Since losing her brother to suicide 10 years ago, Seward resident Sara (Holle) Endorf and her family have been raising money and awareness to help put a stop to mental illness, a contributing factor to suicide.
“He’d been fighting depression for awhile,” Endorf said of her brother, Craig Holle, who died at age 22.
The Holle family has participated in the Out of the Darkness Walk in Beatrice for years in memory of Craig, and this year, they’re bringing their efforts to Seward for a Smash Mental Illness event on July 4.
From 10 a.m. to 2 p.m., the public can give a donation for the chance to beat on a car with a sledgehammer.
“My sister (Stacy McGrath) found the idea online,” Endorf said, and hosted a Smash Mental Illness event last year at the Big Blue BBQ in their hometown, Marysville, Kansas.
“As we were sitting around thinking, ‘where else could we do this?’ I thought we could go big or go home and do it on the Fourth of July in Seward. And here we are,” Endorf said.
They’ve held a fundraiser each year in connection with the Beatrice walk—a beer pong tournament and selling items like window decals in memory of Craig.
Endorf said Smash Mental Illness is particularly fitting, since Craig was a mechanic.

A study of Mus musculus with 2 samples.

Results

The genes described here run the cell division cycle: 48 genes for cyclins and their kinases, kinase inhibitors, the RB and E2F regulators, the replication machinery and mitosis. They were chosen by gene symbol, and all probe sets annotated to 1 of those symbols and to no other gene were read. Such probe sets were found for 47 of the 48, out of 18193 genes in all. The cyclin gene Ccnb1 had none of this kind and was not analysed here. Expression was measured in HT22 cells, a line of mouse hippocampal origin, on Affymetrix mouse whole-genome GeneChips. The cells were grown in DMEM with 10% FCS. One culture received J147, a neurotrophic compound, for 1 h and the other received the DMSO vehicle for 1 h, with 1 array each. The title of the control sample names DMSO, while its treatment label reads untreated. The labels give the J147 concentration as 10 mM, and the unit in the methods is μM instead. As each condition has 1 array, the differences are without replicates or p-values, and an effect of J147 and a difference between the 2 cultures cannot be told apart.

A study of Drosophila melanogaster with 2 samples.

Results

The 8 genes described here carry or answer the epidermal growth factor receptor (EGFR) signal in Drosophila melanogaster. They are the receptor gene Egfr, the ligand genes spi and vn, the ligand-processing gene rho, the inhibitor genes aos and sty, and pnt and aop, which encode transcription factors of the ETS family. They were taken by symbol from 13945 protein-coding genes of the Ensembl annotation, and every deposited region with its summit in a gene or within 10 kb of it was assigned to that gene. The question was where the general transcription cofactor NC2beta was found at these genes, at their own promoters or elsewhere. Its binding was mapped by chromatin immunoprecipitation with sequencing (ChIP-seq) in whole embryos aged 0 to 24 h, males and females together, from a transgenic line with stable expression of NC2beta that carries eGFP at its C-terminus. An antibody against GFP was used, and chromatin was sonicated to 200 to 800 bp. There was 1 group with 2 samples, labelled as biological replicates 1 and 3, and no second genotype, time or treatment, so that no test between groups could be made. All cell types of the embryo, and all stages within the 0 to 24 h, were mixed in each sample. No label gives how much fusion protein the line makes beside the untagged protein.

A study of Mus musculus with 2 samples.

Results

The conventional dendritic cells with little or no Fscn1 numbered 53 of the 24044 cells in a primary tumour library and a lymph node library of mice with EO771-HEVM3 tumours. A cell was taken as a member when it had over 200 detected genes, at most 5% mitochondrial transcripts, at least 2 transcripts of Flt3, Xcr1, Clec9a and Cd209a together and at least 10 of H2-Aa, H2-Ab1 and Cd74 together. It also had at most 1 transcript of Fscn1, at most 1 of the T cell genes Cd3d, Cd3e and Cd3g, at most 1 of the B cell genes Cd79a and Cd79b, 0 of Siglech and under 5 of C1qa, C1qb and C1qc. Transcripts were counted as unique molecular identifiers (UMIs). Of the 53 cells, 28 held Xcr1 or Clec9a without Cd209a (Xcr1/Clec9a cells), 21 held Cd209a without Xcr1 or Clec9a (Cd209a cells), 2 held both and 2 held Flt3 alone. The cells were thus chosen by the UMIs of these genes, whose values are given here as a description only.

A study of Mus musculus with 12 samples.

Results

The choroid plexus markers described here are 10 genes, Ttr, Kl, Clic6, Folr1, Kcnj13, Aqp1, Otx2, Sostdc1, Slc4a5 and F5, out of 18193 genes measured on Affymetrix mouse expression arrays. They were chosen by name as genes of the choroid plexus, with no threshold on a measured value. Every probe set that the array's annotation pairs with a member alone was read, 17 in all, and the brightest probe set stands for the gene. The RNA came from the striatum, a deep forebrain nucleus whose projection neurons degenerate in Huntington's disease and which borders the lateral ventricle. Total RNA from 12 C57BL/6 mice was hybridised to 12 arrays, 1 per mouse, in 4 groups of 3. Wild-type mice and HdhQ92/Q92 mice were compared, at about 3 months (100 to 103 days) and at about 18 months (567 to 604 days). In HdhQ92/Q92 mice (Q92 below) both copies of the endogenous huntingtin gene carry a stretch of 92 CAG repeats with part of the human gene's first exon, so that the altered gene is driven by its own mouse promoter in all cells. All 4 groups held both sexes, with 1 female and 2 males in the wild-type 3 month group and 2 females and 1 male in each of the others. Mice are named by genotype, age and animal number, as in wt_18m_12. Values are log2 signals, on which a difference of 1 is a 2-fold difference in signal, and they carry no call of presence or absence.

“Hitting something hard with a hammer also lets people release some aggression,” she said.
The event will be on the corner of Seventh Street and Jackson Avenue behind Fast Mart, between the car show and the carnival.
For $5, participants will have 30 seconds to give the car a good beating. For $10, they get 60 seconds. Donations also will be accepted, even if people don’t want to smash the car.
The Holle family is partnering with the Seward County Suicide Prevention Coalition, which will receive a portion of the money raised, with the rest going to the American Foundation for Suicide Prevention.
The group will have information and resources to pass out to those who stop by.
Endorf said the event was relatively easy to organize, thanks to friends and locals who were willing to help.
“We know people to take out the glass and the fluids, so they won’t be in the car. We live on a farm, so we have the trailer, the skid loader and stuff to get it up and down,” she said. “We were having a hard time finding a forklift to get the car back on the trailer, but Anderson Construction is donating the use of their forklift.”
Endorf was thankful for the donation and to Jonathan Jank, who she said helped make that connection.
After the car is smashed, the group will pull it through the Grand Parade to raise awareness.
Participants must sign a waiver, and minors must have a parent or guardian with them to sign. Safety glasses will be available on site.